The quantity of waste is increasing with modern living standards and greater population. Several technologies are currently available for the treatment of municipal solid waste (MSW), but due to high Capex, Opex and other limitations, these are not being implemented.
Due to higher investment costs, municipal authorities are unable to upgrade or scale up the facilities required for proper management of MSW. Even though the technology of waste-to-energy (WTE) projects has been proven worldwide, its viability and sustainability is yet to be demonstrated and established in the country.
The main factors that determine the techno-economic viability of WTE projects are quantum of investment, scale of operation, availability of quality waste, statutory requirements and project risks. Hence, there is an urgent need to develop an economical and sustainable technology which can generate energy from MSW while addressing the critical MSW disposal issues.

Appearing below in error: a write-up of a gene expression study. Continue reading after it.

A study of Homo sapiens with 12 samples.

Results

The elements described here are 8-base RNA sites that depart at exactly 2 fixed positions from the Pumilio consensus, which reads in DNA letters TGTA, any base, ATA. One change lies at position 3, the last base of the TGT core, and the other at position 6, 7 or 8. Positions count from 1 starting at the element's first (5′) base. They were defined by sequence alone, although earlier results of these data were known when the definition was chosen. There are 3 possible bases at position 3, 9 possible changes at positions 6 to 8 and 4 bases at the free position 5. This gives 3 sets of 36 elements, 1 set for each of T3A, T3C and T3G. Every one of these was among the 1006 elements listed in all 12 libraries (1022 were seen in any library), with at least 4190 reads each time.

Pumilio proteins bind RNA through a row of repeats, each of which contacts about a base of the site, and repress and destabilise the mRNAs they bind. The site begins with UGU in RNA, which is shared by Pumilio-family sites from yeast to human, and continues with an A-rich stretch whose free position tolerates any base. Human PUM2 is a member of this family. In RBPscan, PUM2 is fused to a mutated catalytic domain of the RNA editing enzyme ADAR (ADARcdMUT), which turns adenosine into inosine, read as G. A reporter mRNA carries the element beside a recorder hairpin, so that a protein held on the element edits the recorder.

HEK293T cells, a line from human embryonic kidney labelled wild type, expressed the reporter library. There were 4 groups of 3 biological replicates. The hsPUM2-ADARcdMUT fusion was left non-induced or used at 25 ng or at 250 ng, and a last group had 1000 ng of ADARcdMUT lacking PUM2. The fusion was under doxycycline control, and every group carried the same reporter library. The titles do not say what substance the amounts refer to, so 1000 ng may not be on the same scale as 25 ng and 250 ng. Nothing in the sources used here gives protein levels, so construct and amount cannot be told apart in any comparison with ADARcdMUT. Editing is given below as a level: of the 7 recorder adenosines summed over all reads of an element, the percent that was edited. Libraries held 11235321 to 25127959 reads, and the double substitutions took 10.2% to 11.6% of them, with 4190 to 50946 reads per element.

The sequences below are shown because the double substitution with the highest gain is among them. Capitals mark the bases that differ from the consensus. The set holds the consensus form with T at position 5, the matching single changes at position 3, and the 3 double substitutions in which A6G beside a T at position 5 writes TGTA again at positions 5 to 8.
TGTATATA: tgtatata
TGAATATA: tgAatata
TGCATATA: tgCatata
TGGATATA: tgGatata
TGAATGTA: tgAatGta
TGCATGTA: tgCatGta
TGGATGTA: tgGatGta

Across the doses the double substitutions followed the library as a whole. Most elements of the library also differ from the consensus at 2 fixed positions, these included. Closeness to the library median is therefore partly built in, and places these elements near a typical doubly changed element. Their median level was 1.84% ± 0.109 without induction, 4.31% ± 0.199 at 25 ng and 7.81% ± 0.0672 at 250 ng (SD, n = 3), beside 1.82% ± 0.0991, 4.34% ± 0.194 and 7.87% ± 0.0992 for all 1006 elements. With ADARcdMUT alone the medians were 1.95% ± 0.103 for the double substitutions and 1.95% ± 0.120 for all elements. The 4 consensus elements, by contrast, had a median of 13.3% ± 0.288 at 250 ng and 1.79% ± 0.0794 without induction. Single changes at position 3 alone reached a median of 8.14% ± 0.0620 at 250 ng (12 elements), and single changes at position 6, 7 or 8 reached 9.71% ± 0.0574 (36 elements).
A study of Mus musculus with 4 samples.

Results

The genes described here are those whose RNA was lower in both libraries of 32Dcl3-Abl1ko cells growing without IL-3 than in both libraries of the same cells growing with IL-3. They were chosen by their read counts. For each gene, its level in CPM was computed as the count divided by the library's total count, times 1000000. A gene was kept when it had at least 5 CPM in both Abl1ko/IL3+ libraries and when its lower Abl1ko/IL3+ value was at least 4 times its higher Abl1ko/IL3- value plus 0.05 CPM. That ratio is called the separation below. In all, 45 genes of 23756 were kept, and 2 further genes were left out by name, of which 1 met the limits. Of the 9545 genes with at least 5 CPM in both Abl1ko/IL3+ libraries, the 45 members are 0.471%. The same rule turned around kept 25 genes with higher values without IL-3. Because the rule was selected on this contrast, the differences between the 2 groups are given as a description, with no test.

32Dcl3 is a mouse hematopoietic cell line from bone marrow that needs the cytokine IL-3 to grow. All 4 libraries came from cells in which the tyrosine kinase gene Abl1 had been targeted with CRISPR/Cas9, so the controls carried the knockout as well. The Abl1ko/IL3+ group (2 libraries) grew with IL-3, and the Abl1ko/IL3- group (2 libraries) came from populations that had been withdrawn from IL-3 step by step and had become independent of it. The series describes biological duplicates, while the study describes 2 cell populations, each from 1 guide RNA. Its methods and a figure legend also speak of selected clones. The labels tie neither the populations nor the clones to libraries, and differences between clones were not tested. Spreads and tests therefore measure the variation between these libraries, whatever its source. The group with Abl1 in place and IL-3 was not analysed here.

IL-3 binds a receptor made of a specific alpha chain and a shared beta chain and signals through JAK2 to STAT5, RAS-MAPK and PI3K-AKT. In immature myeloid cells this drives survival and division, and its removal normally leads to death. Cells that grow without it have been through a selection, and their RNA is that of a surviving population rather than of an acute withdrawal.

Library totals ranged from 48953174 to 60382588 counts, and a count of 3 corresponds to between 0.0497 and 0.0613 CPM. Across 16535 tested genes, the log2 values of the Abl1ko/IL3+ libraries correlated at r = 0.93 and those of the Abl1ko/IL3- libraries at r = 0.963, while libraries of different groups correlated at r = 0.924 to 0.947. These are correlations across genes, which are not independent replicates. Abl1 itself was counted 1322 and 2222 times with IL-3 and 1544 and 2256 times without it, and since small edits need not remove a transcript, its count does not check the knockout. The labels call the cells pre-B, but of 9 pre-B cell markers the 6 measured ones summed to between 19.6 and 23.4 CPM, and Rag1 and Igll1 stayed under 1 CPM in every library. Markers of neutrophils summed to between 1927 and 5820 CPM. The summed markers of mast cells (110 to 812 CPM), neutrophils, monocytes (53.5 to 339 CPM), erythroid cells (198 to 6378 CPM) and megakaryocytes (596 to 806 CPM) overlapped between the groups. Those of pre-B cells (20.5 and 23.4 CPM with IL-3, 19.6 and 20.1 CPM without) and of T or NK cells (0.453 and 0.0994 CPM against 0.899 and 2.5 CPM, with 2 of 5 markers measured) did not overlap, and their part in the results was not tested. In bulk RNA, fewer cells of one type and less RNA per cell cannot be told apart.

In this regard, a few developments have already started taking shape.
Recently, the Government of India issued a request for proposal (RFP) to build WTE projects in the country. On behalf of the government, the Department of Biotechnology (a part of the Ministry of Science and Technology) will be undertaking the implementation part of WTE projects ranging from 1 to 10 tonnes per day (TPD). These projects will be based on public-private partnership (PPP), by engaging Indian entities, industry, PSUs and municipal corporations. A project proponent needs to complete a project with the timeframe of two years.
The government, in its RFP, has called for a few specifications that include biological (in combination with thermo‐chemical) routes for generation of clean energy, development of safe microbial consortium capable of degrading waste under aerobic and anaerobic conditions at a faster rate, and safe re‐use and disposal of treated waste/by-products generation. Importantly, the government has asked for specific technologies that will have a minimum usage of resources like water, land and power. In addition, it has also called for technologies for conversion of leachate generated from landfills.
The RFP also mentions innovative biological technologies that will generate energy in the form of fuel. The technologies should comply with the upcoming Solid Waste Management Rules, 2016. The last date of submission for this RFP is October 31, 2016.